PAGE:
Mad as Hell
People are angry. Or at least they are according to those in the media, who love recounting drama more than a fourteen-year old Twitterer. In the States, newspapers and TV anchors crow about the ‘insurgent’ Tea Party protestors ad nauseum, continuing to legitimize a movement, which supposedly wants smaller government but didn’t blink an eye at Bush driving the country into debt, as grassroots despite the essential financial support from shadowy billionaires who stand to make fortunes more from lowered taxes and deregulation.
Helped along by the over-caffeinated 24-hour news cycle, a frustrating forgetfulness has descended like fog down there (the United States of Amnesia, Gore Vidal has called it) as this midterm election has voters wanting to ‘punish’ the Democrats for not quickly-enough cleaning up the mess that Republicans left by…electing Republicans. According to CNN jabberers, party affiliation often doesn’t matter: an incumbent in the House or the Senate represents ‘Washington’ and the ‘status quo’ and voters just want to ‘clean house’.
Because they’re angry.
And we shouldn’t feel smug up here. The man who is currently at the top of the polls for mayor of Toronto is largely running on anger; anger over the disappointments of Miller’s tenure; anger over taxes and waste at City Hall; anger over the TTC and bike lanes. You could easily believe that this was a horrendous place to live instead of one of the best in the world. But when people have their baser instincts indulged they turn to leaders who act as angry as them.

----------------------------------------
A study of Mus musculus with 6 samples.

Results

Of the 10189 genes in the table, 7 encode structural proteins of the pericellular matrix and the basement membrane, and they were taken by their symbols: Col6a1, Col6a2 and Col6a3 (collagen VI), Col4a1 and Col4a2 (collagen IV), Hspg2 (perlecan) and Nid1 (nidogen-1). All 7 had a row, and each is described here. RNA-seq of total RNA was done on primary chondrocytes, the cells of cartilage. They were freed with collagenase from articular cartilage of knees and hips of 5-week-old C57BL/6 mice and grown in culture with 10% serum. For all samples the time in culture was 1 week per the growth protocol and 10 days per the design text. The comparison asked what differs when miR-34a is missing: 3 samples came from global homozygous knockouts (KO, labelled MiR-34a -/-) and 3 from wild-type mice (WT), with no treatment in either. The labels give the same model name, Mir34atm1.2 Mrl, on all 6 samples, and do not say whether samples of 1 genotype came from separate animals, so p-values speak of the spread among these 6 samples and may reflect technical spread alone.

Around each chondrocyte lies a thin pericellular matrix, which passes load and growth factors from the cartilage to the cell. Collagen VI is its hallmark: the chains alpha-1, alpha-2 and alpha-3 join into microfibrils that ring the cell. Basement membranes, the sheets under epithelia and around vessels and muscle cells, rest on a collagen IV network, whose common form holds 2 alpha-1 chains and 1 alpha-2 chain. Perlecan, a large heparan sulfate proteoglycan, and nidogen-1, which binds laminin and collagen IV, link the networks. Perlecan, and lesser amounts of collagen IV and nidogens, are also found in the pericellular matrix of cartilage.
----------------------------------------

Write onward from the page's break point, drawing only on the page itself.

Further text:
We all know what it’s like to be angry. Getting into an argument with a friend or family member, you feel hot in the face, your emotions increase exponentially and hurtful words spill out of your mouth at an uncontrollable rate. Although you sense it happening, you’re unable to stop all logic and reason flying out the window.
It’s the right moment to pause, take a deep breath and remind yourself what’s really important. It’s not the time for making a sound and well-informed decision about who you should vote for and the future of your city or country.
Angry voting results in angry politicians; ones who would rather grandstand and shout than work with their opposition, and who will continue to tap into voters’ childish emotions rather than encouraging us to see something bigger than ourselves.
Being ‘mad as hell’ only leads to one place.